Ghetto Dudes Need Jobs Too
Evon Reid is a twenty two year old University of Toronto honors political science student with obvious African ancestry. The Canadian brother wears his dreads proudly. He recently applied for a cabinet office position as a media analyst with the Ontario government. On July 20th, Mr. Reid received an email from Aileen Siu, a fellow University of Toronto honors graduate who was handling Mr. Reid’s job application. The full email said, “This is the ghetto dude that I spoke to before.” Nothing else. To say that Mr. Reid was stunned is a woeful understatement. The email was obviously sent to Mr. Reid by mistake. It doesn’t take a political analyst to see why Mr. Reid didn’t get much of a follow up to his application. (Click here for the story in the Toronto Star)
Like just about any entity that operates in the public these days, representatives of the Canadian government engaged their best spin doctors in order to minimization the damage to their image. Ms. Siu was an unclassified and low-level government contract employee who just so happened to have been promoted from the janitorial services that day and didn’t quite know how email worked, let alone a sophisticated piece of equipment like a computer keyboard. Ms. Siu had inadvertently hit the wrong key and sent the email to Mr. Reid in reference to no one in particular. In fact, Ms. Siu is so low on the totem pole that she wasn’t even aware that Mr. Reid had already been selected as the most qualified applicant. In fact, Mr. Reid is now Ms. Siu’s direct manager if he wants the job. Protons don’t spin around neutrons as fast as officials in Canada can spin obvious employment discrimination.
As always people point to this incident and use the same words they do in any incident of discrimination or unethical behavior that reaches the light of day. This is an isolated incident that has never happened before in the history of the company, government, non-profit agency, charity, or whatever you may have. People say this when soldiers are busted abusing prisoners, when cops are caught red handed jacking a brother up because he had the audacity to ask about curfews in a flood ravaged city, when black men are killed in a volley of bullets on their way to their wedding ceremony, or when an immigrant of obvious African descent is sodomized with a broom handle inside a prison. However, Mr. Reid has too much dignity and character to jump to any rash conclusion that blatant racism may have played a part in this distasteful affair.
But I don’t. This hits too close to home for me.
How many brothers and sisters with the best educational qualifications and employment experiences or history have been denied employment because of their obvious ethnicity? The answer is far too many. Employers can review a resume and check qualifications and read glowing recommendations from references. For too many people who are gatekeepers to employment, none of that is enough when the candidate is black and wants to keep some semblance of their racial heritage in their appearance.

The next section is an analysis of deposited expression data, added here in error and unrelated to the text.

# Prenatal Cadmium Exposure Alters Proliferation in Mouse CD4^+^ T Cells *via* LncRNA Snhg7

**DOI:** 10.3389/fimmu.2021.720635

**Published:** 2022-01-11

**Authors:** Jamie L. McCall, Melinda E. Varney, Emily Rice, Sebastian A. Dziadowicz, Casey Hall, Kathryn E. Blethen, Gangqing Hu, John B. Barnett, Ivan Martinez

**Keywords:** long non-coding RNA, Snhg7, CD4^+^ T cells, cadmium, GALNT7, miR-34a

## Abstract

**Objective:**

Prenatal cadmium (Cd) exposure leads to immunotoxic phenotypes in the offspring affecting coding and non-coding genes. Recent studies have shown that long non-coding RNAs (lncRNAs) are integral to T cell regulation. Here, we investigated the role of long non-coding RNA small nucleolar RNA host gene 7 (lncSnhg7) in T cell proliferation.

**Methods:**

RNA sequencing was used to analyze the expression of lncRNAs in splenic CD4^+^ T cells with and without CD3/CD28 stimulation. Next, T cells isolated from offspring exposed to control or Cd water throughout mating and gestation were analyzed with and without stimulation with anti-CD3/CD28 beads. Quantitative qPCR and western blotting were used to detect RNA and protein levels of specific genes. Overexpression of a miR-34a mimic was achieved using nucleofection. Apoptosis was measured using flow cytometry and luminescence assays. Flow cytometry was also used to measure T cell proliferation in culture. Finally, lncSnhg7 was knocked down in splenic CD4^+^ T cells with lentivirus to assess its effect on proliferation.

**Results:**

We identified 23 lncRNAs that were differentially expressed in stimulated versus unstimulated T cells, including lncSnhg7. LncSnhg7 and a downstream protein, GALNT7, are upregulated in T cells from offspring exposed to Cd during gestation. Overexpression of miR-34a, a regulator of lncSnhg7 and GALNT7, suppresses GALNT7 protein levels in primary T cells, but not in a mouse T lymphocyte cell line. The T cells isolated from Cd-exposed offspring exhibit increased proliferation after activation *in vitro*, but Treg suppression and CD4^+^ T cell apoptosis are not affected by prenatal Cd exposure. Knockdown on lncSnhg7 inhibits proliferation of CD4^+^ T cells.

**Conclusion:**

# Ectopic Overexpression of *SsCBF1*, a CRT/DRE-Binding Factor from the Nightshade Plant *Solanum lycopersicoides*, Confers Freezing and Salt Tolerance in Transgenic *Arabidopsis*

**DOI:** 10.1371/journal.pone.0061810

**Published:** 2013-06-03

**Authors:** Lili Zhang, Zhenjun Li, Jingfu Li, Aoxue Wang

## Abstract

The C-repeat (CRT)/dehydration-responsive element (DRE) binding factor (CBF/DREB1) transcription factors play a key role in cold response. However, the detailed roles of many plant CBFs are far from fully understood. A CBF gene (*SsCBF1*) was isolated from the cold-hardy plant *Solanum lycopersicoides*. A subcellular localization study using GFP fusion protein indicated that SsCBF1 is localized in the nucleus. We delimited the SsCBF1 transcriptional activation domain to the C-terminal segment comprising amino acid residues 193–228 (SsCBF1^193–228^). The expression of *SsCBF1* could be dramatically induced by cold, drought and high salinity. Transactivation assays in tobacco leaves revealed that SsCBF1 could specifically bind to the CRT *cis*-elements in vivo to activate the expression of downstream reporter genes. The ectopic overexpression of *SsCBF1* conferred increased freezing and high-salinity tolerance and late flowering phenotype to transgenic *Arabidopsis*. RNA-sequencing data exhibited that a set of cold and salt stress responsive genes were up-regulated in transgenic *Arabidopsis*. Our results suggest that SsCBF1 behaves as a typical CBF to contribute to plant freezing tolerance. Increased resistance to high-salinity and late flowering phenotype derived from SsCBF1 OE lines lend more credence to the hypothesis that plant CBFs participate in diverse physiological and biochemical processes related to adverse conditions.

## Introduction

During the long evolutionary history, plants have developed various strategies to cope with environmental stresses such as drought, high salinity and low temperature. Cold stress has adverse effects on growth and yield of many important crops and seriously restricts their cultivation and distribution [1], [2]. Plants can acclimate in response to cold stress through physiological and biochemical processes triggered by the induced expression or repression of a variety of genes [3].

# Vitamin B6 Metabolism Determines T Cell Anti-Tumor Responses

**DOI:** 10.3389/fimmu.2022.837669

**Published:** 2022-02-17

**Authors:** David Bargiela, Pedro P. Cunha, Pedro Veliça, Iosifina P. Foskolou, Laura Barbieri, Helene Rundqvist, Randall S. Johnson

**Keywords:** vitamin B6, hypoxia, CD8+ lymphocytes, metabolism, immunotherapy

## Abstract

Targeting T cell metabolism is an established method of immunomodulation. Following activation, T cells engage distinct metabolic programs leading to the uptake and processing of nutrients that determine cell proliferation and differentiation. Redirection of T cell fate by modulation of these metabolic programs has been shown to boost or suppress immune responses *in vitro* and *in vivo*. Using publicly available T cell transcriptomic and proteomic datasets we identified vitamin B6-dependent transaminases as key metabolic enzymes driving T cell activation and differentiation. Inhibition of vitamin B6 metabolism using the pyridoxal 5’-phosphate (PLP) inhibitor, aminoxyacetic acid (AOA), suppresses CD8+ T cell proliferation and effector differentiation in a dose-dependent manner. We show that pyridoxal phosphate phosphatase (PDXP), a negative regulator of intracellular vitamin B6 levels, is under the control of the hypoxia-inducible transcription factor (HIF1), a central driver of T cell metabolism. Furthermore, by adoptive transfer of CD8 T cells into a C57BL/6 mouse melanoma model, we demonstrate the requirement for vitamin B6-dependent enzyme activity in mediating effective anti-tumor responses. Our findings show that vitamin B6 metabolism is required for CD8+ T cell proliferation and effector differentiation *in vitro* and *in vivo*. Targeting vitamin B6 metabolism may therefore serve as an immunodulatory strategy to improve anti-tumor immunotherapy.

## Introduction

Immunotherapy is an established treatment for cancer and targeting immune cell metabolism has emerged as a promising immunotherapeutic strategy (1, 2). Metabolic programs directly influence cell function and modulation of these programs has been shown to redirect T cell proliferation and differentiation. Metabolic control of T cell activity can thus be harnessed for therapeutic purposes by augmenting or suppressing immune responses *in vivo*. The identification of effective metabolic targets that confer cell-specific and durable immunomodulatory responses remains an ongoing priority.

Yes black people get jobs. But if a black man shows up for an interview in a corporate environment with dreadlocks instead of an acceptable close cropped and neat haircut from the local Supercuts or some other generic hair salon that knows squat about African hair then he’d best forget any chance for employment. Unless it’s something that has to do with some form of entertainment or art with a specific application in mind many dreadlocked brothers don’t get much of an opportunity to prove their worth.
Not a month ago I applied for a job with a company who desperately needed someone to revamp their database application. A key member of the company was leaving who was never formally trained in the development and maintenance of databases was responsible for a good chunk of their information technology. After a couple of telephone interviews about a week apart they asked me if I was able to come for a face to face interview. The next day I packed my car and drove eight hundred miles one way for the occasion. The following morning I was exactly fifteen minutes early for my interview that lasted four hours.
The following Tuesday the recruiter handling the job informed me that the hiring manager at the company I interviewed with had concerns that I may not be able to do the job. I interviewed well and I had good answers for tough question but how do they know that I can do what I say? Forget the fact that I had my resume, my references, sample of applications that I had developed for other clients and employers, transcripts of my education, and anything else you could name at my disposal. The company couldn’t risk hiring me because I was an unknown quantity. They reimbursed me for my expenses and sent me on my merry way. I hope they go out of business.
Maybe it was just a coincidence. But there wasn’t a single minority working in this company. I really would like to know how often white people go for job in person interviews and be told that the employer doesn’t know if they’re qualified for the position or not.
I know what happens to Mr. Reid happens to just about every black person who keeps their blackness just outside what’s considered within acceptable parameters for white people. I know it happens to me. In the past month it has happened twice. I try to console myself by saying if a company doesn’t want to hire me for who I am or what I am chances are good I don’t want to be working for them anyway. But people have a tendency to forget that even “ghetto dudes” need to make a living as well. What happened to Mr. Reid is not an isolated incident or a misunderstanding or a keyboard used in error. It is standard operating procedure for white dominated communities throughout the world. Racism and prejudice is far from dead.